The Law of Hywel Dda is the name given by the Welsh to the native law of Wales as it developed before the Edwardian conquest in 1283. The Law is preserved in a collection of manuscripts written between the early 13th and early 16th centuries, but containing much older material, the core of which is said to have been in some way the work of the mid-10th century king called Hywel Dda (H. the Good).
All very interesting, you say with a yawn, but why should I care about a bunch of medieval lawbooks from a thousand or more years ago?
If your intention is to understand the medieval Welsh, and the British tribes and kingdoms from whom they evolved, you should care a great deal. Do you want to know what was important to the early Welsh, what they valued and did not value, and more especially the valuation they placed on differing items and ideas? How a king's court was structured, and manned, and sustained? How the tribes and kindreds interacted, how property was inherited, how crimes were defined, and how compensated? All of this and more is in the Law of Hywel. True, it is a rag-bag collection, copied and recopied by lawyers who added and subtracted elements down the centuries according to what they deemed important, so that 9th and 13th century material mixes indiscriminately; while the researcher interested in earlier periods must guess and backdate, borrowing from other sources as she goes. But it is the best thing we have.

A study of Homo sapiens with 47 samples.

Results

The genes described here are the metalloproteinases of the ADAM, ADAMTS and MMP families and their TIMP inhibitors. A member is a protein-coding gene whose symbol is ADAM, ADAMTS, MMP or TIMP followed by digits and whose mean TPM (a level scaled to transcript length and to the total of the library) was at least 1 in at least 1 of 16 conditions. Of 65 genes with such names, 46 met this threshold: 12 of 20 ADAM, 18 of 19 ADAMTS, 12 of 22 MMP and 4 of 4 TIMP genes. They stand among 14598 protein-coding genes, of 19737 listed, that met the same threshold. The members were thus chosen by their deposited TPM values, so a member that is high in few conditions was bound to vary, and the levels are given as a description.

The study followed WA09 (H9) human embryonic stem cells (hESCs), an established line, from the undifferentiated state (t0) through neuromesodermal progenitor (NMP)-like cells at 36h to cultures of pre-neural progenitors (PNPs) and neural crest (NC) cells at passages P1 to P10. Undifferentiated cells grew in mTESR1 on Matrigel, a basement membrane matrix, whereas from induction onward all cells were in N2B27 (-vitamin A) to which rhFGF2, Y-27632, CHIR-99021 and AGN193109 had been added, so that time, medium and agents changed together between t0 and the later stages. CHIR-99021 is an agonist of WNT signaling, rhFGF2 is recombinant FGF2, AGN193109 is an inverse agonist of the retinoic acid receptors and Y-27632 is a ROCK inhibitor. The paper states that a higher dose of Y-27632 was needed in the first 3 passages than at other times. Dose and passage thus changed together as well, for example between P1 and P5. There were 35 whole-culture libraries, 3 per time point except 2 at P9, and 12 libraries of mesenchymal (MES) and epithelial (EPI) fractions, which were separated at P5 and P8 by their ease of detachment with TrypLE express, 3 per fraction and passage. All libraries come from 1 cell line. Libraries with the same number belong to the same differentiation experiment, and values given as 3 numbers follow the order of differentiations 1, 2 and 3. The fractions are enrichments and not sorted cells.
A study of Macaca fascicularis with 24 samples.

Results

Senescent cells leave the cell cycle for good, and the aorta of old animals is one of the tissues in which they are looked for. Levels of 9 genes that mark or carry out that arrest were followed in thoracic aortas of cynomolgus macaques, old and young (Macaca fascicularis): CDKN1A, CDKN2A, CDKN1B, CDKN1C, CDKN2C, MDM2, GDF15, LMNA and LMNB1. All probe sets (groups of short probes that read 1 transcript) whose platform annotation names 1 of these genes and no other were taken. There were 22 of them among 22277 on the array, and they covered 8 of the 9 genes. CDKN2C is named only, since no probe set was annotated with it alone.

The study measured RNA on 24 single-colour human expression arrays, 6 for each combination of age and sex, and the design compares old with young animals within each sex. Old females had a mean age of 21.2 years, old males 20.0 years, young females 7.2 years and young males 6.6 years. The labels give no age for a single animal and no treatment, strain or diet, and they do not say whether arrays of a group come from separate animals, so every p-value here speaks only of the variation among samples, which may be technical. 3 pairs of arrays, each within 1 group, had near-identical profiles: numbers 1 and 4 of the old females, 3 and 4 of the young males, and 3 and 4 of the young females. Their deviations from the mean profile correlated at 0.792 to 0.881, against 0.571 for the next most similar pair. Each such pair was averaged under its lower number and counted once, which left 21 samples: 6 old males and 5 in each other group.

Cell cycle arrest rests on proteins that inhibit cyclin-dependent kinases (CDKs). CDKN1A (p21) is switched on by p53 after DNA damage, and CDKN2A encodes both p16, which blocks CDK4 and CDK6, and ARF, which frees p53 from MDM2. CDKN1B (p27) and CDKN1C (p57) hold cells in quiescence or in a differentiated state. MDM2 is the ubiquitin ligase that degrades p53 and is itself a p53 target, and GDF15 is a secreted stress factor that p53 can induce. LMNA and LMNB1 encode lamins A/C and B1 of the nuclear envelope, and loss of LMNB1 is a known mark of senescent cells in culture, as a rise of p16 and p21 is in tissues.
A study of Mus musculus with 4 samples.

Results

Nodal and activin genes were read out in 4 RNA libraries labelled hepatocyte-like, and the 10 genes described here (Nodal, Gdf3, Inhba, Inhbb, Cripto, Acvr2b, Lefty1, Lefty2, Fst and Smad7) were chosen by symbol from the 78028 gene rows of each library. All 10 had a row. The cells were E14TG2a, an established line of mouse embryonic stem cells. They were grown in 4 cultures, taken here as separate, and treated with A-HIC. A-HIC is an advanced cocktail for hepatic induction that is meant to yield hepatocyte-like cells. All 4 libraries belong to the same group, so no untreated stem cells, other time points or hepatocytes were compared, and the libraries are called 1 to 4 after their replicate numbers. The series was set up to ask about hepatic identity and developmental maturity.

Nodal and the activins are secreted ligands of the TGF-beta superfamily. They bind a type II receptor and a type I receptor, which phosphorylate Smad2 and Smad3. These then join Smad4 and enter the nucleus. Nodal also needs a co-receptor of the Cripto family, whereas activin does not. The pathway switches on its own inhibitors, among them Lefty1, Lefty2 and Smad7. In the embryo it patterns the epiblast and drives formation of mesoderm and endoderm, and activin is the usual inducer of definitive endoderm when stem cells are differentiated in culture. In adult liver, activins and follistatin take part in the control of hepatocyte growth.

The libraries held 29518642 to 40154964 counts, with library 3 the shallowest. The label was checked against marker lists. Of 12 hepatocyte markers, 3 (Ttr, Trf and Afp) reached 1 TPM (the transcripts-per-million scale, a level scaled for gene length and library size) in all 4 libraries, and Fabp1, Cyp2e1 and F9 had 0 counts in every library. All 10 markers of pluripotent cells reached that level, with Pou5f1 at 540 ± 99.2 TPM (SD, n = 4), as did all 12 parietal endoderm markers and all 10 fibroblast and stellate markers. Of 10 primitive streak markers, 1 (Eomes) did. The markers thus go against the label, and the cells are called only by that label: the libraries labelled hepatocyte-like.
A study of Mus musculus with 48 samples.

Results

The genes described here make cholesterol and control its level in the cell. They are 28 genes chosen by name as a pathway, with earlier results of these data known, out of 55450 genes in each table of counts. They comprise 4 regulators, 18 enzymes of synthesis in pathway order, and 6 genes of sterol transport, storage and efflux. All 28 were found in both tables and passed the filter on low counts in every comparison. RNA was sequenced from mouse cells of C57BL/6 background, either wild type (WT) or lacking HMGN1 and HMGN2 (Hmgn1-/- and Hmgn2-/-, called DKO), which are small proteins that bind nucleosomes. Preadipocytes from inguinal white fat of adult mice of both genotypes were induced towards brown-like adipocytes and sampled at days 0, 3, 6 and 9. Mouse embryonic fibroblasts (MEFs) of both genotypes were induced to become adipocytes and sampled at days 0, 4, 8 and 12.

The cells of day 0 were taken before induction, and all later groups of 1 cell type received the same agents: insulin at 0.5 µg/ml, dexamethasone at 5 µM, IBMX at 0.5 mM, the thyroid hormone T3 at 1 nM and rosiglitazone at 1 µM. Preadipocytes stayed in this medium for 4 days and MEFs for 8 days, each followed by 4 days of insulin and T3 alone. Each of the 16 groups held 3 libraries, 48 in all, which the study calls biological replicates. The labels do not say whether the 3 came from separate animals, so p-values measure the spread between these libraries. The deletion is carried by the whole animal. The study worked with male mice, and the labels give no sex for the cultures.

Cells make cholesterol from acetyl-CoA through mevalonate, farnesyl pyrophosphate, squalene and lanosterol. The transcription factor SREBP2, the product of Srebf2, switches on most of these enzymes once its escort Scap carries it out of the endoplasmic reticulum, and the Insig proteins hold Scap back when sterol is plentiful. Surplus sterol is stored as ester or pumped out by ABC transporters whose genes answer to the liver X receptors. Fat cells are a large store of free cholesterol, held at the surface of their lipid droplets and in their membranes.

Some of it, moreover, is amusing reading. Among the King's officials is the Serjeant. "It is right for him to stand between the two posts and to watch lest the house should burn while the King is eating, and it is right for him to drink with the officials" -- two contradictory duties, one would think! The Porter, or gate-keeper, the laws say, "is entitled to a handful of every gift that comes through the gate ... berries and eggs and haddock. From every load of firewood that comes through the gate he is entitled to a stick which he can draw out without holding up the horse." The Falconer, among other things, is entitled to "a handsbreadth of wax candle from the Steward so as to feed his birds and make his bed." Furthermore, "on the day that he takes a notable bird" by his falcons "when the King is not at the place, when the falconer brings the bird to the court it is right for the King to rise before him; and if he does not rise ... to give the raiment he is wearing to the falconer." If a falcon belongs to a King, it is worth a pound, but if belongs to a villein, "whether it be a sparrowhawk or a falcon or any bird in the world ... it is of the same value as a hen: it is worth a penny." For of course a King's possessions are more valuable than those of a villein, whatever their quality.
But that's another post.
(Quotations in this article are from The Law of Hywel Dda: Law Texts from Medieval Wales translated and edited by Dafydd Jenkins: Gomer Press, 1990.)